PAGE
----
By Travis Trombley
The answer: Wonder Woman's theme of belief.
This film is one that maximizes its setting as a narrative element, at least in concept. While the use of this resource leaves much to be desired thanks to a mismanagement of screen economy, the idea behind it recognizes the value of historical context to make a powerful statement on philosophical trends over the past century. In short, when Diana chooses to “believe” in humanity at the end, she’s overtly confronting a hyper-masculine idea of identity construction that dominated western culture before the war and the cynical dismissal of human life that took root after.
The execution of this commentary owes much to the film’s intelligent use of supporting characters: Charlie, Sameer, and Chief. Each member of the trio gets introduced by emphasizing first and foremost their flaws: an alcoholic murderer, a con artist, and a war profiteering smuggler. As we get to know them, though, we see in them the war’s effects on men: they are selfish, reluctant to act without the motivation of coin, and adamantly against taking extra risks. Even Steve, our “above average” specimen, finds himself forced into a human calculus by the realities of the war. He wants to stop the fighting, but he knows doing so means he can’t save everyone.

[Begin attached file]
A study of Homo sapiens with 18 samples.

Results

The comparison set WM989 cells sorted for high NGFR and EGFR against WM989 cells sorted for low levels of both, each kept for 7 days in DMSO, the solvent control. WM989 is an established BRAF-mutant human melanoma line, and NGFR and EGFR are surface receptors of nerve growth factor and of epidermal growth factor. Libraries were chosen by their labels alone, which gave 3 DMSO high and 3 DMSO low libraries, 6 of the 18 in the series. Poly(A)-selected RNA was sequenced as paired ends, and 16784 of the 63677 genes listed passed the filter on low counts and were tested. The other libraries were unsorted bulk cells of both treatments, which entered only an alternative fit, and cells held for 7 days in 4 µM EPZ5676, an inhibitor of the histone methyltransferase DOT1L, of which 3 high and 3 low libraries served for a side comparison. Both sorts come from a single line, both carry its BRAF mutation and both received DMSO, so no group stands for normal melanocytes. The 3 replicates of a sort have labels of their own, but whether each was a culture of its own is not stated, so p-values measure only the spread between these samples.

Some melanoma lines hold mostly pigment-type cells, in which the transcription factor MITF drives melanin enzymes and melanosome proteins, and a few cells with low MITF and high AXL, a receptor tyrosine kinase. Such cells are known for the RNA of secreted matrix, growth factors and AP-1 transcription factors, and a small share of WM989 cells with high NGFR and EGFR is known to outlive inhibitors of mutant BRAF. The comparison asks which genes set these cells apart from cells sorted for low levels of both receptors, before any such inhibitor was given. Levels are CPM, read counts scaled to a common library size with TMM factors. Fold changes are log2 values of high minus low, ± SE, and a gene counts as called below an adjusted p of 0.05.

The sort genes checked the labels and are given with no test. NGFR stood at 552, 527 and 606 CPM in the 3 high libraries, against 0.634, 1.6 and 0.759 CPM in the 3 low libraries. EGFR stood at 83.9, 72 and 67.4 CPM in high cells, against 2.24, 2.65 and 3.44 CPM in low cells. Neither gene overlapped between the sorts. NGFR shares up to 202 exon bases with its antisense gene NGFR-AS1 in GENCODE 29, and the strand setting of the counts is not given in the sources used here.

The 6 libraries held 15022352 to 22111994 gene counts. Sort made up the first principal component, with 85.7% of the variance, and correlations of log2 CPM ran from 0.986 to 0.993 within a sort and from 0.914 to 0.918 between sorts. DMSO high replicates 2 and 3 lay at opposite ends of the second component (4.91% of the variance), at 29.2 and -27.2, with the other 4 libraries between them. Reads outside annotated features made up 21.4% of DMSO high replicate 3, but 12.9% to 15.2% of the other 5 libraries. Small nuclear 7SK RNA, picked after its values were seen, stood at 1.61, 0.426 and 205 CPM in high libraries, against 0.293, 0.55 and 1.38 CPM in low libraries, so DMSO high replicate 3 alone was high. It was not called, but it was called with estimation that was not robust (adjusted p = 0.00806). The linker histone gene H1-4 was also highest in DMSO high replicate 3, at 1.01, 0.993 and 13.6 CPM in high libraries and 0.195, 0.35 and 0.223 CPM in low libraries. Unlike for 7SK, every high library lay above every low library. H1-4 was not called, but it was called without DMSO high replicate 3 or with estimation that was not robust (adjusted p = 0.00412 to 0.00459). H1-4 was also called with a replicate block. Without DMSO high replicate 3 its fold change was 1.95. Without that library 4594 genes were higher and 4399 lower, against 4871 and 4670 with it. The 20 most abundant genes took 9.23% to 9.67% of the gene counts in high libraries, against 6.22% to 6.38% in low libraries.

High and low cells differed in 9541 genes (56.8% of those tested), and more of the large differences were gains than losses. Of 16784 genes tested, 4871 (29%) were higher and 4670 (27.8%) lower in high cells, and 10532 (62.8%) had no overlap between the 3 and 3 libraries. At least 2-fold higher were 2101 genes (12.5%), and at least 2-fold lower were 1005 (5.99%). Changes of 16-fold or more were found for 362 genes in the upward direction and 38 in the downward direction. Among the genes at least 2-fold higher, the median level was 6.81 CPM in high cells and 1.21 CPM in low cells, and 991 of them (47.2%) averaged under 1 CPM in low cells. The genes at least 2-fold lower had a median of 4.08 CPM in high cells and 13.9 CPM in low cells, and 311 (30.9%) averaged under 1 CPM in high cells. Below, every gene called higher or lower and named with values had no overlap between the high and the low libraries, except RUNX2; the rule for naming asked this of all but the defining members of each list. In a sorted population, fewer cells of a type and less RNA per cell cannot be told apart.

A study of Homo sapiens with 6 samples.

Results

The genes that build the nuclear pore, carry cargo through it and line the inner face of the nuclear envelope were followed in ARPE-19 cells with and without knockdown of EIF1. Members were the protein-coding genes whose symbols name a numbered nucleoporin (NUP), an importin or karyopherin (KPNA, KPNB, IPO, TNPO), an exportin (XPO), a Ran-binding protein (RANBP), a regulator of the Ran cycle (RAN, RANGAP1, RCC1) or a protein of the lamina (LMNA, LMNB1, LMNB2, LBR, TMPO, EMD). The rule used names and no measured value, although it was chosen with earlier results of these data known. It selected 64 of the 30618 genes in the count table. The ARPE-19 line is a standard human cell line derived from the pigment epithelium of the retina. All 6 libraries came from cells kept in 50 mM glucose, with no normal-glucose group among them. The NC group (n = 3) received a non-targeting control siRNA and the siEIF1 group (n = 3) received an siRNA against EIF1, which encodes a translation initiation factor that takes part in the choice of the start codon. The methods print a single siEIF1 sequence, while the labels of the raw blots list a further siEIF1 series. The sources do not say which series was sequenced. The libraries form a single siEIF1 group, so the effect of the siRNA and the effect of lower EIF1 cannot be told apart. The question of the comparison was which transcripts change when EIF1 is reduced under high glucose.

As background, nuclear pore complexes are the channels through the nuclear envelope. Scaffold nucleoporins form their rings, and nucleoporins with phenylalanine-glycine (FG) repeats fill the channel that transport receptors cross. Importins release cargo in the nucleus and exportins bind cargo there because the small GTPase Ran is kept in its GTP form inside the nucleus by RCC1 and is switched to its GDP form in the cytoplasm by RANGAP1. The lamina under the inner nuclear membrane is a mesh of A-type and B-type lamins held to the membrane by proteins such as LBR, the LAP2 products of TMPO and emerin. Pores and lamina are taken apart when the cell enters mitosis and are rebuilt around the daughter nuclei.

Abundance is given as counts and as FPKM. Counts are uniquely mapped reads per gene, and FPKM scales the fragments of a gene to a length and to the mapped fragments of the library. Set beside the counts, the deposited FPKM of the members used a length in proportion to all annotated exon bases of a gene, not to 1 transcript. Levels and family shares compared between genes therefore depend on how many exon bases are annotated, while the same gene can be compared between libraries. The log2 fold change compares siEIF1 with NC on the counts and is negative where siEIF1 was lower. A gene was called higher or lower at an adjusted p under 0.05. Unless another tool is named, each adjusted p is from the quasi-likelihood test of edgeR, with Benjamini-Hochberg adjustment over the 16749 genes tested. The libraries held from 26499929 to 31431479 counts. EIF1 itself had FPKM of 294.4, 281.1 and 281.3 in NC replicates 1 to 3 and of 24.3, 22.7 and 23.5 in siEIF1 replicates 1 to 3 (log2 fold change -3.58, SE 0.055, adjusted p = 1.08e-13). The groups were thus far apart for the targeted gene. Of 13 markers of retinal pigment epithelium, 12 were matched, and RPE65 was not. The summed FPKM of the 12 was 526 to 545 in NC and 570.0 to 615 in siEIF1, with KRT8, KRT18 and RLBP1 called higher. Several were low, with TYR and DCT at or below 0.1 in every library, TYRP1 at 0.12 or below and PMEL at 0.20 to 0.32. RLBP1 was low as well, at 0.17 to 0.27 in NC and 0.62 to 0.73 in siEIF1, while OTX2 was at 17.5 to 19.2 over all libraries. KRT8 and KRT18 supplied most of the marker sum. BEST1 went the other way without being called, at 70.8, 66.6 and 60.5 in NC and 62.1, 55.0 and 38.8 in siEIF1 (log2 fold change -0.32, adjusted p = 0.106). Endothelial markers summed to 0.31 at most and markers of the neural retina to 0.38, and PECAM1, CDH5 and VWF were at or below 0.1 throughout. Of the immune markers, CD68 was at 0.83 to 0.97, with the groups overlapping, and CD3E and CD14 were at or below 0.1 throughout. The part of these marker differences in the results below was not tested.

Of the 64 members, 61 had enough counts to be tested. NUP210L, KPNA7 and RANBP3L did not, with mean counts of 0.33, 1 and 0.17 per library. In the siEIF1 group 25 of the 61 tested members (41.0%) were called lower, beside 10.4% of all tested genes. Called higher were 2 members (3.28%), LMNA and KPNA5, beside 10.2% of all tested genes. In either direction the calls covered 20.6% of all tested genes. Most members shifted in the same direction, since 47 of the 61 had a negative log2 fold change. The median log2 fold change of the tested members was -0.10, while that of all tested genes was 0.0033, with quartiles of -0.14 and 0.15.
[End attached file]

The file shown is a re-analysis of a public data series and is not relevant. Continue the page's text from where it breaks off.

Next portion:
This comes to a head during the No Man’s Land scene when Diana wants to leave the trench to help a nearby village occupied by Ludendorff’s Germans. Steve and the others refuse, claiming it’s suicide and that it’s not their mission to help those people, the war having made them all pragmatists, and justifiably so, as we’ll see. But while they huddle to plan, assuming they’d convinced Diana from her folly, she heads towards the ladder, setting into motion the film’s best scene.
And when Diana sheds her coat and emerges from the trench for the first time in her superhero garb, driven by an uncompromising, moral compulsion, and actually survives the German onslaught, she changes the mentality of her comrades. When they see Diana in action, Steve and the others join. They save the village together. By the end of the sequence, those characters - previously established as quite self-centered and cynical - regain a spark of hope. They choose to fight on, even without payment, because they believe in Wonder Woman. In that sequence, we witness what might be the greatest purpose of the superhero: inspiration.